Tuesday, April 18, 2006

Keep Those Cards and Letters Coming

I forgot just how cramped things would be tonight, so the Deadwood review will have to wait. Sorry to the three of you that were anticipating it so highly!

Some quick thoughts. . .

--Voting continues on the best-of-TV survey. If you've voted, you're sick of hearing me talk about this, but a few series keep popping up with an "Is this eligible?" tag, so I thought I would answer those questions. 1.) Sons & Daughters is eligible, unless ABC declares it to be dead sometime before May 1 (it won't happen). 2.) The Shield is eligible, since it has several episodes coming up in 2007. 3.) The Daily Show and all talk shows are eligible. 4.) Once again, Arrested Development is not eligible. 5.) Reality shows are eligible too. Thank you for your time.

--Let's keep those ballots flowing in. It'd be nice to do a top 20 (or even 50), but I'll have trouble justifying that with the current paltry number.

--I hate articles like this where the journalist begins from a predetermined conclusion and writes backward to support that. The Boston Globe is a pretty good paper (even for entertainment stuff), but this article jumps to exactly the WRONG conclusion about Lost. I'm sure there are some people who are really, really frustrated with the reruns, but those who have abandoned the show over that fact have to make up a tiny number. The same complaints about too many reruns dog ALL shows with devoted followings and serial storylines (it gets even worse when the show is a hit). Indeed, the same grumblings dogged Lost LAST year, and the series saw no appreciable slump.

What's happened this year is, I think, two-fold. Firstly, Lost is up against American Idol, which is the biggest show on television. What's more, American Idol is bigger than ever for some reason this year (the personalities are more interesting this year than they were last year, I guess). So that's taking a small chunk out of Lost (AI has decimated Criminal Minds even more, though that show is still a hit).

Secondly, Lost very subtly shifted from being a show about characters with an overriding mythology as a backdrop to a show about mythology with characters as a backdrop this season. When the characters blasted open the hatch and found a man living down there, the show's larger story became an even bigger reason to tune in. As mocked as the writers have been in some corners of the Internet for saying that fans tune in for the characters, that's true for many, many fans (the people who dissect every little detail are probably a vocal minority). What's more, when you examine the show's numbers for this season (as the article linked above points out), the show is actually UP among 18-49-year-olds. It's DOWN among older people, though. And that has to do with the fact that younger people have grown up in a world full of serialized storylines, while older people have not. When the show made that jump, I'm willing to bet, older people probably didn't see what could appeal to them in the show anymore.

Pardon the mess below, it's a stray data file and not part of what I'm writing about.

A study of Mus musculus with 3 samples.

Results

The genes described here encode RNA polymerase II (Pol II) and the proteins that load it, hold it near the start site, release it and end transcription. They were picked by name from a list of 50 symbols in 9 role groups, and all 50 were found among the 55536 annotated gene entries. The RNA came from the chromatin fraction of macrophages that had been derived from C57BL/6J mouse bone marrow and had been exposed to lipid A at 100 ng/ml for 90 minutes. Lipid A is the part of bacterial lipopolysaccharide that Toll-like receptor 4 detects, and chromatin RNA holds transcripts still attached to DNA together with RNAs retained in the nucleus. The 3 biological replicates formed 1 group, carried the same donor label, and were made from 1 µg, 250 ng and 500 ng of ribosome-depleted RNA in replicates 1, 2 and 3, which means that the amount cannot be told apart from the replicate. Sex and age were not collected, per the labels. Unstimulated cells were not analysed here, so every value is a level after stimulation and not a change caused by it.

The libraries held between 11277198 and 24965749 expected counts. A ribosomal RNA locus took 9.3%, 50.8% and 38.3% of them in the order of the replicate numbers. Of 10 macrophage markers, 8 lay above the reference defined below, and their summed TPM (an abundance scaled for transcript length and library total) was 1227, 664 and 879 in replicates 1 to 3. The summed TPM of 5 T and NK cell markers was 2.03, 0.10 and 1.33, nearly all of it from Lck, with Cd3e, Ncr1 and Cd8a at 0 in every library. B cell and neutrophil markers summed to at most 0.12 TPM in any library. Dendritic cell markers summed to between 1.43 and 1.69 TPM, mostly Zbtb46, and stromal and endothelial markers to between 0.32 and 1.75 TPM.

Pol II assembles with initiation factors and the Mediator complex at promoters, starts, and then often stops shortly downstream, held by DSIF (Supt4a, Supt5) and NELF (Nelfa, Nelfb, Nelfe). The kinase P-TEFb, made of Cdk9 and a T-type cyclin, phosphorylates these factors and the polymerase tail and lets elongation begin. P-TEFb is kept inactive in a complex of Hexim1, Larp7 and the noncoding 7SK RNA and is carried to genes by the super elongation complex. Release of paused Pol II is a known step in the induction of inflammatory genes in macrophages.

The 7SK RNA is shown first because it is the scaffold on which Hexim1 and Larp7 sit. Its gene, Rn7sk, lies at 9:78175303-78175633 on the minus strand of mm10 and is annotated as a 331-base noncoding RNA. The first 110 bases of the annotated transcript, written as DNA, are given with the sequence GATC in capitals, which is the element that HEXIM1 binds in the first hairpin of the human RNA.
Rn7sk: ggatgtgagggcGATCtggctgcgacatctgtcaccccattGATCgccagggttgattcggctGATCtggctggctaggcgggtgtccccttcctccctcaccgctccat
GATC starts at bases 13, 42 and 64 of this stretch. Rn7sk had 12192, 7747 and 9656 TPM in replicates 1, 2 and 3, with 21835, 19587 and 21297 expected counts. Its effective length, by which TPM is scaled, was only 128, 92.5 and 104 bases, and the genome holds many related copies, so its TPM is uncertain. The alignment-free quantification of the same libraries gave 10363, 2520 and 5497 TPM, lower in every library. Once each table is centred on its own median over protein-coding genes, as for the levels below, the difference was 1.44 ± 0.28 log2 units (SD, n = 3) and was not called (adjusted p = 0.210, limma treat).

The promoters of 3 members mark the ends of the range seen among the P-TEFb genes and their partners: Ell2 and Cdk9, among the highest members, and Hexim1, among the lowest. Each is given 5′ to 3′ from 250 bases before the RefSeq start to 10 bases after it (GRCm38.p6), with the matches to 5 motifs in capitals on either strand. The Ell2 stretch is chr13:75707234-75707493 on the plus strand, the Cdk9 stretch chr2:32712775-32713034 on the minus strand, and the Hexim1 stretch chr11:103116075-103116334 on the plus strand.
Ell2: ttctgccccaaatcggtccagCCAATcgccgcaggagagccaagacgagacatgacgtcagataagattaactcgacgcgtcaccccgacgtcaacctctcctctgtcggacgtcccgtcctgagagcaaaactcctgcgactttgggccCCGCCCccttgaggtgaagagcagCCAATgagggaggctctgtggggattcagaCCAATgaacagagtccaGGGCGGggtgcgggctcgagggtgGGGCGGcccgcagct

That said, this is all speculation anyway. But the reruns probably aren't hurting this show. All shows have reruns on network TV, and they don't exactly decimate something like Grey's Anatomy. More likely, it's the subtle shift Lost made from populist hit to cult hit (though still a very big cult hit) in its underlying philosophy.

--In my paper, Get Fuzzy and Pearls Before Swine run side-by-side. Needless to say, Tuesday's strips caused great concern until I backtracked to Monday's Get Fuzzy and saw what was going on. You don't get a lot of meta-commentary in the funnies. I'm not sure that this works, but at least it's trying something different.

That's all for now. Check back in for Deadwood excitement tomorrow.

1 comment:

Moses said...

Why can't those people interviewed in the Lost article just read a stinking TV Guide!?